Review of ‘Fifty Years of A Clockwork Orange’ by Debbie Headdey
As a true fan of A Clockwork Orange I was extremely excited to attend the lecture on the cult classic phenomenon; reverently held at the International Anthony Burgess Foundation and marking the fiftieth anniversary of its creation, the event had the potential to inspire and educate the full room of eager recipients. However I felt the content was somewhat disappointing, rather than any tribute to the novel itself as most of the talk was given to the context in which it was written, and as a nineties child many of the names and feeble jokes went straight over my head despite my knowledge of history and politics.
On entering the building I was greeted with numerous friendly faces and kindly offered a free glass of wine; many were standing together chatting about the novel, Burgess and the lecturer, creating a stimulating and vibrant atmosphere. After taking my seat I was pleased to see the hall was almost full and we were promptly introduced to our lecturer, Dominic Sandbrook, and his many accolades. His opening statement set a precedent I feel for the lecture as he began, to a room of Burgess and A Clockwork Orange fans, talking of Burgess’ hatred for his novel and how it ‘dogged’ him his entire life, a recurring theme which in fact ‘dogged’ the lecture itself.
Sandbrook’s historical knowledge was detailed, interesting and expertly delivered. He informatively created an image of broken Britain where violence and teenage culture were prominent and at the forefront of public concern. Hopes that this would lead into information on the novels creation fell short as he continued to talk of politics, education and recreation of the sixties; mainly focussing on the emergence and destructive nature of the teenage culture. Despite this not being what I would have liked to have heard it did create a comprehensive image of a dystopian society that is mirrored in Burgess’ novel thus providing some understanding of its origins. Sandbrook talked far more about Kubrick’s film version of ‘A Clockwork Orange’ than the book itself; providing details of its creation, reception and aftermath whilst informing the audience briefly of the little effect of the novel. This did lead to an interesting discussion on how Kubrick’s alterations changed the concept of the book but so superficially was this touched upon I couldn’t help feeling robbed from a concept I thought would be central. Sandbrook continued in this style of repeating history whilst simply flirting with the themes and characters of A Clockwork Orange.
Toward the end of the lecture Sandbrook commented that A Clockwork Orange is a book really only read by the young, when we are ‘idealistic’ and have books on our shelves by the likes Kerouac and Burrows. As part of the younger generation and the fact I am indeed idealistic and have an extremely worn copy of Jack Kerouac’s On The Road on my bookshelf I was upset to see him reduce a novel which resonates so strongly within thousands and has influenced many literary styles and ambitions, to no more than simply part of the teenage culture, a group who’s condemnation had been a most frequent topic of his talk. The concluding concept of the lecture was that if we wished to see Burgess’ idea of a dystopian society we need only look around today; a powerful idea I felt unfortunately had no real backing as Sandbrook had barely touched upon Burgess’ intentions but rather the state of the society within which he lived.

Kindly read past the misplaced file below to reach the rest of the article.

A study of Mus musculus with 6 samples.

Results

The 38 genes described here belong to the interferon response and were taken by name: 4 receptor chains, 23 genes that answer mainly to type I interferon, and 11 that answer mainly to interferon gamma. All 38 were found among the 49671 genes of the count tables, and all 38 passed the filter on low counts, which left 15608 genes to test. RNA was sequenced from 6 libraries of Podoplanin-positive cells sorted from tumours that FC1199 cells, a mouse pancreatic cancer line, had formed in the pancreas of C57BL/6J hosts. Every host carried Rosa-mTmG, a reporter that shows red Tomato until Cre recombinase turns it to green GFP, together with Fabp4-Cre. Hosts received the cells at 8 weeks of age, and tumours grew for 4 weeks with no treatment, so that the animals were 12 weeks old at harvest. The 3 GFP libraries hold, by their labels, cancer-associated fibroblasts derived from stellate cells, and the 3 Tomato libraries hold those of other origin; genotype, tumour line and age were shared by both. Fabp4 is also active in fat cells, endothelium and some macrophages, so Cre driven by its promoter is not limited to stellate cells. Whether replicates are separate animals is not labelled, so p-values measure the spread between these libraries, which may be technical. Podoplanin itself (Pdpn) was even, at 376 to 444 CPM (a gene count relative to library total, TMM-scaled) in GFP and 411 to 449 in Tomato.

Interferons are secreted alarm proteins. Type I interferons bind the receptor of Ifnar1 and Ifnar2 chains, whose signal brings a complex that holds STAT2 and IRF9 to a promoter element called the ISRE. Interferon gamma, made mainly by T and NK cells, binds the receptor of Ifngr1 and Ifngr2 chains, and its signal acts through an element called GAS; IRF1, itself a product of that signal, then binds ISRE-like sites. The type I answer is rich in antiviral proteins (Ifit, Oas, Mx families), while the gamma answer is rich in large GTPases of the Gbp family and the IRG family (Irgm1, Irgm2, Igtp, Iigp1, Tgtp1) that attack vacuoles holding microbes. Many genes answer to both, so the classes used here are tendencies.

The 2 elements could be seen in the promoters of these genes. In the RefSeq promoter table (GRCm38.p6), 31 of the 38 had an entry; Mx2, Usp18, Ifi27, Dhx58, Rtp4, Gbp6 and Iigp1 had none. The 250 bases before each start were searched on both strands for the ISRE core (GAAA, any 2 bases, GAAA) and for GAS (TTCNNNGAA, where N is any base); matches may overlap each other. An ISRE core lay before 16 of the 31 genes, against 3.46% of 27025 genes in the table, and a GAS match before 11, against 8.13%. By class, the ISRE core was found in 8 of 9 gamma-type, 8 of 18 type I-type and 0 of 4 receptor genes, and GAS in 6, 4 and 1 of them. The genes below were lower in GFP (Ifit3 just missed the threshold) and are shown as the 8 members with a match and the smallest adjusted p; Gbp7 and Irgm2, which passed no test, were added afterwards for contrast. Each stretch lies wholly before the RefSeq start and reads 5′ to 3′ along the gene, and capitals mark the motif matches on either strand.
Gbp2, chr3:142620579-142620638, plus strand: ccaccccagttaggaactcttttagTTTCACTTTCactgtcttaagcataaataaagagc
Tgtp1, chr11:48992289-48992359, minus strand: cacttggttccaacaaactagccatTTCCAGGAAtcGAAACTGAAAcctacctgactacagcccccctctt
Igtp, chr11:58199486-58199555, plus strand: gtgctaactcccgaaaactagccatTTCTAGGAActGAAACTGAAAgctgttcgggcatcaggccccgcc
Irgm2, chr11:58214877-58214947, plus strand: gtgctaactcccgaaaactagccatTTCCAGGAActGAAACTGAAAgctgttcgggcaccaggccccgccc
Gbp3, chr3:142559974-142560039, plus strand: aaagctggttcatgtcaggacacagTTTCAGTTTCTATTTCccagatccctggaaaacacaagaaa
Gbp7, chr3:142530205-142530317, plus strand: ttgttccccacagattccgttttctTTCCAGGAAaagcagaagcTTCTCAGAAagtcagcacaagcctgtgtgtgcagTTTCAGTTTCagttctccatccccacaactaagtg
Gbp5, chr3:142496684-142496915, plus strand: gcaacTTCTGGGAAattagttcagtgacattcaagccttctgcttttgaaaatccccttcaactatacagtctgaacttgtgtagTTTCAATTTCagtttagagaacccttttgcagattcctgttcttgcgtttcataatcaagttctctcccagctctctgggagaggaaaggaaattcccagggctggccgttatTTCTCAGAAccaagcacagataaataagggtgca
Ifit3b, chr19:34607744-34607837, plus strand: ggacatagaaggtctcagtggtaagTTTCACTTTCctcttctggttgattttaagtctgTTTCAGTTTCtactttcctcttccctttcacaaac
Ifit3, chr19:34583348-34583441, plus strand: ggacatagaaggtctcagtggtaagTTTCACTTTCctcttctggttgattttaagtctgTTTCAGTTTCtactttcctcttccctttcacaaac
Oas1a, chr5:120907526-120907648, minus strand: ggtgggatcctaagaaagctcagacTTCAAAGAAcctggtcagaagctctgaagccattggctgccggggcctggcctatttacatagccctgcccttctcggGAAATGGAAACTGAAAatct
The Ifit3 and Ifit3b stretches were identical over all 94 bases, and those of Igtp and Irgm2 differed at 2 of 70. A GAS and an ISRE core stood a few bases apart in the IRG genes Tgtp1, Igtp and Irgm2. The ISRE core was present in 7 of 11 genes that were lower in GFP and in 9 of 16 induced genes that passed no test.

The question and answer session started between Sandbrook and the foundations director; thinking this would stir the most interesting and possibly controversial debates proved redundant as the discussion turned almost puerile. They conversed on matters such as Burgess’ dislike of The Beatles and, somewhat distastefully, Jimmy Saville and his correlations to the text. However when questions were opened to the audience many inquisitive, intellectual and interesting concepts were put forward and queried, all of which Dominic Sandbrook answered competently.
I was sadly disappointed with the event as a whole, I had high expectations for the evening and was rather annoyed that a lecture supposedly celebrating the fiftieth anniversary of A Clockwork Orange barely made reference to it; however that might just be because my young, idealistic mind truly loves the text and therefore wanted to hear about Alex, his droogs and milk with knives rather than the food which was eaten in the sixties. I came away with some new knowledge and a renewed desire to talk nadsat but felt a text and author, which hold so much resonance in literature, weren’t done justice.